The Sinister Rhino Horn Trade: Uncovering the Dark Side

The Sinister Rhino Horn Trade: Uncovering the Dark Side

A Sinister Trade: The Illegal Rhino Horn Market

The illegal rhino horn trade is a thriving industry that surpasses the value of gold, diamonds, or cocaine. This lucrative endeavor flourishes in both Africa and Asia, and it serves as a cornerstone of significant criminal activity. One man, Steve Galster, has dedicated his life to combating wildlife trafficking and shedding light on the heart of this perilous trade.

Galster's journey began in the 1990s when he identified poaching as a funding source for criminal groups involved in severe insurgencies. The scarcity of rhino horn, which can fetch prices as high as $65,000 per kilogram, makes it an irresistible target for poachers. Despite the lack of scientific evidence indicating any medicinal benefits, these horns are often falsely marketed as cancer treatments or luxury art commodities.

One key figure in this narrative is Vixay Keosavang, the notorious leader of the Xaysavang Network. Dubbed the 'Pablo Escobar of wildlife trafficking,' Keosavang's illicit activities drew the attention of the U.S. State Department, which offered a reward of up to $1 million for information leading to the dismantlement of the network.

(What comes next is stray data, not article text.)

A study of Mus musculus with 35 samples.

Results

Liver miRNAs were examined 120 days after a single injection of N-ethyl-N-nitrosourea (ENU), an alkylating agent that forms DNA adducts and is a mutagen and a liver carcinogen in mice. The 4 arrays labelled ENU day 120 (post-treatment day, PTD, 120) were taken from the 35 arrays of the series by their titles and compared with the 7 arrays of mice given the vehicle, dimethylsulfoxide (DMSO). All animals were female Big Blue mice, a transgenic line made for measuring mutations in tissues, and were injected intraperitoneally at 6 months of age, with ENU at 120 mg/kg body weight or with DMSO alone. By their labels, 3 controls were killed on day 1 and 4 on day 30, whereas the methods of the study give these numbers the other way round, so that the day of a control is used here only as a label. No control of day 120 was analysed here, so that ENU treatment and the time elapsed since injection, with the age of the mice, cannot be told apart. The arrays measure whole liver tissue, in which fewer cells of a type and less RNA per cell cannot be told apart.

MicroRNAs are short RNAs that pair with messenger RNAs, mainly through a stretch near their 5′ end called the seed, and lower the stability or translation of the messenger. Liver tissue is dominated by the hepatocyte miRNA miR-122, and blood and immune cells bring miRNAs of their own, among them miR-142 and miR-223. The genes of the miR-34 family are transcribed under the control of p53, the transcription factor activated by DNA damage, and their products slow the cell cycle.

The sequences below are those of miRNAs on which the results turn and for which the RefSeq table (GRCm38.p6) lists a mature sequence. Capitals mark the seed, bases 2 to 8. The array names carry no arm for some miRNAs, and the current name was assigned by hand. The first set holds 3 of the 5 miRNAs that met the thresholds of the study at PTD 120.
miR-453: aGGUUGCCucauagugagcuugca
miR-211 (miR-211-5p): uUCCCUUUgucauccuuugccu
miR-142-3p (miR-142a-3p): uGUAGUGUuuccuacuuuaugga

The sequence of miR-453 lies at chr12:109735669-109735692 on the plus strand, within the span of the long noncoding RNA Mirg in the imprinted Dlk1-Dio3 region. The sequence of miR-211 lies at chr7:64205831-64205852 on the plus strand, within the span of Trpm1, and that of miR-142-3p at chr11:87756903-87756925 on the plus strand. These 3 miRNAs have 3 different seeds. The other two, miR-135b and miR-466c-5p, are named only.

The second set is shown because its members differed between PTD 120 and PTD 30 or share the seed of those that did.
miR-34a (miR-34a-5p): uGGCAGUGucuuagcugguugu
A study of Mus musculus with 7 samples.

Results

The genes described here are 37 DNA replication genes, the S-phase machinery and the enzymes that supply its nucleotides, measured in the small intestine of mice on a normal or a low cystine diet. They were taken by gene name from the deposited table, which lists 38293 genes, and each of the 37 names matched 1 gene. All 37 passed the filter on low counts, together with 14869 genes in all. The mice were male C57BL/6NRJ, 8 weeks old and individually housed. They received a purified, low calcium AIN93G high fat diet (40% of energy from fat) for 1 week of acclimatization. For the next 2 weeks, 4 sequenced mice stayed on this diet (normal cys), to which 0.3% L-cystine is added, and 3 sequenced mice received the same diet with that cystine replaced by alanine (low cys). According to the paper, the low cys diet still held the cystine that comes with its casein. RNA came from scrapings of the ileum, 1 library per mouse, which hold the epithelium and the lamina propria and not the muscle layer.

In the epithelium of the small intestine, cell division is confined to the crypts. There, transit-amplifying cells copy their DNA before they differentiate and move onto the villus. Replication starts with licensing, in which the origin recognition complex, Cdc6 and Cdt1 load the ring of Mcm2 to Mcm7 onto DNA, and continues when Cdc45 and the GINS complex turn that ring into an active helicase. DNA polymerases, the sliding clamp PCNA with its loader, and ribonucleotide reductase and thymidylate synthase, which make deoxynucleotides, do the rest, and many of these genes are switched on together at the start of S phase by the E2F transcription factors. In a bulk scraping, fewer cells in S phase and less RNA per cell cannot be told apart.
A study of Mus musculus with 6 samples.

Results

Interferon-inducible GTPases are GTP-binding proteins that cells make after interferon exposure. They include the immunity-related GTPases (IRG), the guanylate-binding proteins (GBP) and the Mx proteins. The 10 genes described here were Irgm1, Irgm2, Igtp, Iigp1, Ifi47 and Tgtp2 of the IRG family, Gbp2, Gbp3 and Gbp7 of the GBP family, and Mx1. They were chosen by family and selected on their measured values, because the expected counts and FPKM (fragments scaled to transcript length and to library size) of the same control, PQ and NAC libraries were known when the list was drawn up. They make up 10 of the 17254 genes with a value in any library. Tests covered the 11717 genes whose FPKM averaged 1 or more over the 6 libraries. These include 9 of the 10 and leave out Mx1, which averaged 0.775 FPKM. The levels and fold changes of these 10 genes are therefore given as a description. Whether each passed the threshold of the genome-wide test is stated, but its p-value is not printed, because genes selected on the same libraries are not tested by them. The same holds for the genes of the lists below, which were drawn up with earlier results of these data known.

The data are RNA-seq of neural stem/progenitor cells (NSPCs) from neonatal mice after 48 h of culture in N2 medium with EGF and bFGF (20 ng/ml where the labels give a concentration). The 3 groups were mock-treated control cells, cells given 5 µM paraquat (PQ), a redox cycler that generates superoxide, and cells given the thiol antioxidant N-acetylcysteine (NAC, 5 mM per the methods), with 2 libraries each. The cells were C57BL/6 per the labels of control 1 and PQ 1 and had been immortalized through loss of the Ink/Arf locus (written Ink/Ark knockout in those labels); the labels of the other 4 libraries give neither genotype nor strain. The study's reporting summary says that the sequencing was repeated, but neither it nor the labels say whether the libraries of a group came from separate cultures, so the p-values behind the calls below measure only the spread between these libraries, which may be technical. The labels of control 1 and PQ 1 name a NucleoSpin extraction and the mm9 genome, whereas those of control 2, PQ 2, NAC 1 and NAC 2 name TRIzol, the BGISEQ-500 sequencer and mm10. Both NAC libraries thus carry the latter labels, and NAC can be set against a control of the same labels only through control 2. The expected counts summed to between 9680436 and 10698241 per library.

A breakthrough in the investigation came when Galster's team uncovered Chumlong Lemtongthai, the mastermind behind pseudo-hunts in South Africa. These fraudulent hunting operations were designed to illegally obtain rhino horns for Keosavang's network. Despite being sentenced to 40 years in prison, Lemtongthai only served six years before walking free.

Galster firmly believes that legal trade in wildlife fuels illegal activities. He argues for an end to commercial trade, highlighting its role in enabling a small elite to profit and the potential risk of zoonotic diseases. Law enforcement and wildlife protectors face numerous challenges in combating wildlife smuggling, but Galster sees banning commercial trade as a step in the right direction.

This intricate web of crime, profit, and wildlife protection is explored in the documentary 'The Great Rhino Robbery,' available on Sky Documentaries and the streaming service NOW.